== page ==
Retrospect Ensemble - Bach: Harpsichord Concertos - Audiophilia.com
The ensemble combined original instruments with modern copies constructed to emulate the sound of 18th century instruments. The harpsichord is a double manual instrument built by Ian Tucker, after Ruckers/Hemisch. Its pitch; A=415 H, in contrast to the harpsichord played by Richard Egarr, where A=409 HZ. The recording venue was St. George's Church, Chesterton, England.
I own several versions of Bach's concerti. This performance was unique in two respects. First, the ensemble was much smaller, consisting of five string instruments and harpsichord. Second, there was frequent ornamentation and improvisation-especially from the harpsichord and first violin. Stylistically, it is different from the recordings of this piece in my CD collection. I perceived a mid to rear hall perspective. Perhaps this is advantageous, because the combination of a church and greater perceived distance from a listener makes period instruments more palatable to the ear. In fact, the sound of the string instruments presented sufficient cues to recognize 18th century instruments, without any thinness in the treble. The strings were fleshed out and had a balanced frequency response. Obviously the upright bass provided the necessary foundation to the other string instruments whose range was probably midrange/treble, to achieve the aforementioned balanced frequency response.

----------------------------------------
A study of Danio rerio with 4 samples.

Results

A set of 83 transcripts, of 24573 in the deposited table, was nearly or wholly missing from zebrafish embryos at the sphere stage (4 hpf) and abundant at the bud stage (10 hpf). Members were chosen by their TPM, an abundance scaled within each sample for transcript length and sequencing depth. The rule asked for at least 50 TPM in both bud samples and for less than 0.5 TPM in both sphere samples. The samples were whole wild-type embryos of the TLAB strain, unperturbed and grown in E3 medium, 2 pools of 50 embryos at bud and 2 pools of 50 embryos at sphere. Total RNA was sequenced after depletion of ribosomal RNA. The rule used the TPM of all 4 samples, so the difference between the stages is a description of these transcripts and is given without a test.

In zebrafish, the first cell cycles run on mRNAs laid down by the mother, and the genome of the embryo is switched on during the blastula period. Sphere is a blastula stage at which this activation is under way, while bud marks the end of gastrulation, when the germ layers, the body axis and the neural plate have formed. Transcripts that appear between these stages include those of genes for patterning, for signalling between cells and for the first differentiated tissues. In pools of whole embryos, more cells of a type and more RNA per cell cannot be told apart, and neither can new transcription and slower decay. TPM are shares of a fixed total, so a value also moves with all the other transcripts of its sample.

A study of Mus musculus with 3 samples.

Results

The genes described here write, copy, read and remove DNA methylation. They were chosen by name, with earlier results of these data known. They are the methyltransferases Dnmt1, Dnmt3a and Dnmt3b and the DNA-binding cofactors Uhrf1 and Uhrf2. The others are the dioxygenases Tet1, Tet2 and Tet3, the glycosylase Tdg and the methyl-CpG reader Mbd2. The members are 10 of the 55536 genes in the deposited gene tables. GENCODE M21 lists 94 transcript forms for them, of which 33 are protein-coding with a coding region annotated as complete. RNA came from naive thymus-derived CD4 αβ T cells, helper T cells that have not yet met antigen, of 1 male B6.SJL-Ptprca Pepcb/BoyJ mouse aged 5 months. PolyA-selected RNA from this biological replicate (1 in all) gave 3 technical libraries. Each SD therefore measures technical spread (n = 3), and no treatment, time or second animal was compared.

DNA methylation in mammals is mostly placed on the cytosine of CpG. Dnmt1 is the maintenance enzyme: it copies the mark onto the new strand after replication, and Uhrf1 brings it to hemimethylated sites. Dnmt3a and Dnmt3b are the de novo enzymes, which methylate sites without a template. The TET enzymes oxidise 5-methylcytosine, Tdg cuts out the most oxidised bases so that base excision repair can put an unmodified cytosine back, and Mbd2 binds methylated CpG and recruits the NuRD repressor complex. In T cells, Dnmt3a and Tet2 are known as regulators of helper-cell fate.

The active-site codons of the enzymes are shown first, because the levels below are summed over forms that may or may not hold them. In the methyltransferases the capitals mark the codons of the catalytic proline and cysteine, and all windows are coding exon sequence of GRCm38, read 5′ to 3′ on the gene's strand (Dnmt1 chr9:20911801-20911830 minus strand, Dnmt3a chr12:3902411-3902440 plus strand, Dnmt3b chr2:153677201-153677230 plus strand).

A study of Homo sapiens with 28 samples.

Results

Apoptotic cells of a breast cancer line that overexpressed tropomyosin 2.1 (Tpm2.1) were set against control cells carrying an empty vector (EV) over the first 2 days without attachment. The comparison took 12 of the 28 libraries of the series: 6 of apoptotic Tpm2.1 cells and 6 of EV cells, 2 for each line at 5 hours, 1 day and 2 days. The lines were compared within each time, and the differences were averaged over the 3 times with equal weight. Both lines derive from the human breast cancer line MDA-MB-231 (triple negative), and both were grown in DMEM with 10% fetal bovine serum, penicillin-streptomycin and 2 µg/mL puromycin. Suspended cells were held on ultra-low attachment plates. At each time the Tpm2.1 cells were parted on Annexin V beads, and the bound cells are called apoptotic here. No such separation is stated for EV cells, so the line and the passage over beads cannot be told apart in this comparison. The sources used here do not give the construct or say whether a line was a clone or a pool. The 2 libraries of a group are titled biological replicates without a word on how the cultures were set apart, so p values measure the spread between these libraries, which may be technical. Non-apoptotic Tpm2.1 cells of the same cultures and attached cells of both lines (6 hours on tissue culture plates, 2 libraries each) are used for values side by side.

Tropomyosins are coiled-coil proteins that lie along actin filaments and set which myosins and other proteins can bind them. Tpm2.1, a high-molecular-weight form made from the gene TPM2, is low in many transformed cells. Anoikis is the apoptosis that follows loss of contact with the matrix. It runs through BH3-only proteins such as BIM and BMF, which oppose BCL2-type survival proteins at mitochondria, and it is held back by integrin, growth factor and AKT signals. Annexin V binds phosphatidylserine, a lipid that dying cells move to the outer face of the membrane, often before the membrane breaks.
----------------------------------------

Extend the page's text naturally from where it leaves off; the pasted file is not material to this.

The string instruments were in front of the harpsichord, which was slightly behind them. At no time did the strings drown out, over power or obscure the harpsichord. The sound of the harpsichord was very articulate. Perhaps, recording venue, instrument and microphone were responsible for such a result. Even though the harpsichord was in the background, again, one could observe a sense of space and depth of the harpsichord relative to the strings. The combination of high ceilings and distant perspective, created a smooth and enjoyable experience. Often, period instrument ensembles sound clinical and austere. However, I give credit to the recording engineer for the creation of a very pleasant sound and the communication of the enjoyment I sensed from the musicians playing this concerto.